Gaining Ground on the Vulnerability Battlefront

By Wade Baker, PhD, Partner & Co-Founder, Cyentia Institute

If you had asked me a few years ago to list the domains of cybersecurity that excite me the most, I certainly would not have listed vulnerability management (VM). One of the most fundamental and important domains, yes. But exciting? No way. Sure, seeing the loooooong list of “critical” security issues after running my first vuln scan or two 20+ years ago was pretty cool…but it quickly lost its luster, and I was glad to move on to other domains.

That’s why I was a bit skeptical when a company approached us about conducting some research related to VM. But they offered data from their platform on several hundred organizations’ vulnerability detection and remediation practices, and I’m a sucker for that kind of analysis. So, we took the project, and three years later, I can honestly say it’s been some of the most exciting and impactful research of my career. I’ll highlight some key lessons in this article.

First off, VM is a hard problem. You probably already know that if you’re reading this article, but let me put some numbers around that statement. There are over 180,000 vulnerabilities on the CVE List as of this writing. 2021 set a record for the most vulns published in a year (nearly 21,000) and 2022 shows no abatement.

But vulnerabilities published on the CVE List are just an external indicator of the challenges facing VM programs. The real test is how those vulnerabilities affect internal systems, and Figure 1 gives those measures. Over two-thirds of organizations have open vulnerabilities in at least half of their production systems. And about 1-in-5 have high risk exposures (vulns with known exploits) in >75% of their assets!

Figure 1: Proportion of assets with open vulnerabilities among ~500 organizations (Source: Prioritization to Prediction, Vol. 8)


How are organizations remediating these vulnerabilities? “Struggling” is an appropriate answer, but let’s put another stat on that. Figure 2 plots organizations (blue dots) based on the average number of vulnerabilities detected across all their assets (x-axis) and the average number remediated each month (y-axis). While there’s some variation among firms, the overall trend is remarkably consistent. Organizations typically close about 15% of their open vulnerabilities in any given month, regardless of the size of their IT environment!

Figure 2: Average number of observed vs . closed vulnerabilities per month per organization (Source: Prioritization to Prediction, Vol. 8)

If that seems hopeless and you regret reading this article, give me a moment. The data has signs of hope, and we’re headed there now. We just need a quick detour back to the notion of “high risk” vulnerabilities. It’s critical to establish that not all vulnerabilities represent a real and present danger to your organization. Our analysis shows that less than 10% of published vulnerabilities are actively being attacked and/or have exploit code available to facilitate those attacks. Given the remediation capacity shortage demonstrated in Figure 2, doesn’t it make sense to prioritize exploited vulnerabilities first?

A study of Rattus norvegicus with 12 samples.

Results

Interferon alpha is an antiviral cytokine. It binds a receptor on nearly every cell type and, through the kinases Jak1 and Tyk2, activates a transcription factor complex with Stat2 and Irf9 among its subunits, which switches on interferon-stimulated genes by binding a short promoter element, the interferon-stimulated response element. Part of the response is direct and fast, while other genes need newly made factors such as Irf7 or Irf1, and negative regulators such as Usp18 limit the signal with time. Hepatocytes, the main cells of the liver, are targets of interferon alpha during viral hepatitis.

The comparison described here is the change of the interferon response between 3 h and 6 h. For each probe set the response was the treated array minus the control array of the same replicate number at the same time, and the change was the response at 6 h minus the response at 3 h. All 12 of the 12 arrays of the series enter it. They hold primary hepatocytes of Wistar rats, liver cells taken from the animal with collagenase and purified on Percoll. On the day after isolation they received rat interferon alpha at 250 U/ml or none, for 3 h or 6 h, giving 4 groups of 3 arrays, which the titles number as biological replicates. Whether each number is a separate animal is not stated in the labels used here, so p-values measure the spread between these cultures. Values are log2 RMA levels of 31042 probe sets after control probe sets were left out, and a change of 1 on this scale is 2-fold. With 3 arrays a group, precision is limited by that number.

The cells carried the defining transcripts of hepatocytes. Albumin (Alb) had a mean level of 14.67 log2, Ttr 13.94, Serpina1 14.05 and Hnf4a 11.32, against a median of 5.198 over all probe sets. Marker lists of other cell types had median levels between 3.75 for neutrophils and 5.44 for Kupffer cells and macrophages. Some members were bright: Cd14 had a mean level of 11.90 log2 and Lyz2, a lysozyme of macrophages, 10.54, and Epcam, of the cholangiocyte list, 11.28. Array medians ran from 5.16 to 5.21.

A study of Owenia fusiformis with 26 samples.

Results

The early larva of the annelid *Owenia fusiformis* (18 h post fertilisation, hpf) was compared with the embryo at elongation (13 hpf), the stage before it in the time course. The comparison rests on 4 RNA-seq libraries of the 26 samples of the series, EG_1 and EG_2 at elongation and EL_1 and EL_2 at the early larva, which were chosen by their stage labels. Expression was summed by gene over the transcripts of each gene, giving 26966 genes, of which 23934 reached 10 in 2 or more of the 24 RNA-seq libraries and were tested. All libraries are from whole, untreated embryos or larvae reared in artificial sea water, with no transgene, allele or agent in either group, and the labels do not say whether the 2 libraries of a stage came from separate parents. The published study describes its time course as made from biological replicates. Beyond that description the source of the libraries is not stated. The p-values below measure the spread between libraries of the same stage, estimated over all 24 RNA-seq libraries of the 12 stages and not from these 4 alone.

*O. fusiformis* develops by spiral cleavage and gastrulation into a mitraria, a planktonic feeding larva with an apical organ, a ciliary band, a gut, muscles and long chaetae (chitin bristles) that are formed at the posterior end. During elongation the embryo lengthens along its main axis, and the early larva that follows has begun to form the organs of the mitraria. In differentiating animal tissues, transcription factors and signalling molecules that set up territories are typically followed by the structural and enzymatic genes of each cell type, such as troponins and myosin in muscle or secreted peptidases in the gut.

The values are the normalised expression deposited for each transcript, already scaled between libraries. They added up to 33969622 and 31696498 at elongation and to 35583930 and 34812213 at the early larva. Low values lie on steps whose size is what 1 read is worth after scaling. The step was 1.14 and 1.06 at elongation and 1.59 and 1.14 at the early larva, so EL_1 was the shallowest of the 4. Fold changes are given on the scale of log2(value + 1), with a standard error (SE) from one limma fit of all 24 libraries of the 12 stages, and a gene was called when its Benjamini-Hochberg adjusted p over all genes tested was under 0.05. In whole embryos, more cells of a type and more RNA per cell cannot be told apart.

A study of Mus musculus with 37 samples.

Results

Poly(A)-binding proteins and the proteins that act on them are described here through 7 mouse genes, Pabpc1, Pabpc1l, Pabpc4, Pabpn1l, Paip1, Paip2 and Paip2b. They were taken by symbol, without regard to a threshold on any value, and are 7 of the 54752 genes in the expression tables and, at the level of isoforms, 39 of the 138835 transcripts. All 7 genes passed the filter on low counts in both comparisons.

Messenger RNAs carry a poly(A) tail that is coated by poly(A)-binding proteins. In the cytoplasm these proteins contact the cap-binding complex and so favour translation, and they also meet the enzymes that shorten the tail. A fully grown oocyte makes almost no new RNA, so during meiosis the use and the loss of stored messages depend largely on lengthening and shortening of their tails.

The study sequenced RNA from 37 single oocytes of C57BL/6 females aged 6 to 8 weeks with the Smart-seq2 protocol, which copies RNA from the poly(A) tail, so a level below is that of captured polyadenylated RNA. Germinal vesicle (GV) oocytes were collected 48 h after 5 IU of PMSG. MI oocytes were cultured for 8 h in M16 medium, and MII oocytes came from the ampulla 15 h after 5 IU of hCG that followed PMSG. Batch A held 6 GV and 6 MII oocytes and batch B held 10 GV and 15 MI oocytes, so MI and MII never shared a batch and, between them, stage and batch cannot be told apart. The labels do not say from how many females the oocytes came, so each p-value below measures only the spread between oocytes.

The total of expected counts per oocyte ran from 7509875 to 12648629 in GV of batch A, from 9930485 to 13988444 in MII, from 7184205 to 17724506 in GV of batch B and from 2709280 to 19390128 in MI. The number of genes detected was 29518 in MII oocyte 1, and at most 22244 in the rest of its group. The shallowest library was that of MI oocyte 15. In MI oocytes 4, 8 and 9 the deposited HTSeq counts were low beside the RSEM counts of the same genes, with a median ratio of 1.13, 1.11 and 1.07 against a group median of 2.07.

The Cybersecurity and Infrastructure Security Agency (CISA) seems to think so. CISA recently issued Binding Operational Directive 22-01 to reduce risk associated with exploited vulnerabilities. The Directive was accompanied by a catalog of known exploited vulnerabilities maintained by CISA, including mandatory remediation deadlines. I think it’s a smart move in the right direction by CISA, and I have one more chart to prove it.

The analysis behind Figure 3 is similar to that of Figure 2 in that it measures the ratio of open to closed vulnerabilities in organizational environments. But Figure 3 narrows the focus to just vulnerabilities with known exploits. It thus addresses the all-important question “Is it possible to remediate the vulnerabilities that represent the highest risk to my organization?”

Figure 3: Average monthly change in high risk (known exploited) vulnerabilities among organizations (Source: Prioritization to Prediction, Vol. 8)


The good news is that Figure 3’s answer is a resounding “Yes!” A full 60% of organizations drove down the number of exploited vulnerabilities, while another 17% maintained pace with new exposures over time. That means over three-quarters of firms are successfully remediating the vulnerabilities that matter most!

And that, my friends, is why I’m so excited to be involved with managing vulnerabilities again. VM programs have long suffered an endless cycle of find-and-fix in a futile effort to keep up. But it doesn’t have to be that way, provided they can effectively prioritize remediation efforts. And this analysis proves that VM teams like yours are successfully doing just that to reduce risk for their organizations. Go get ‘em!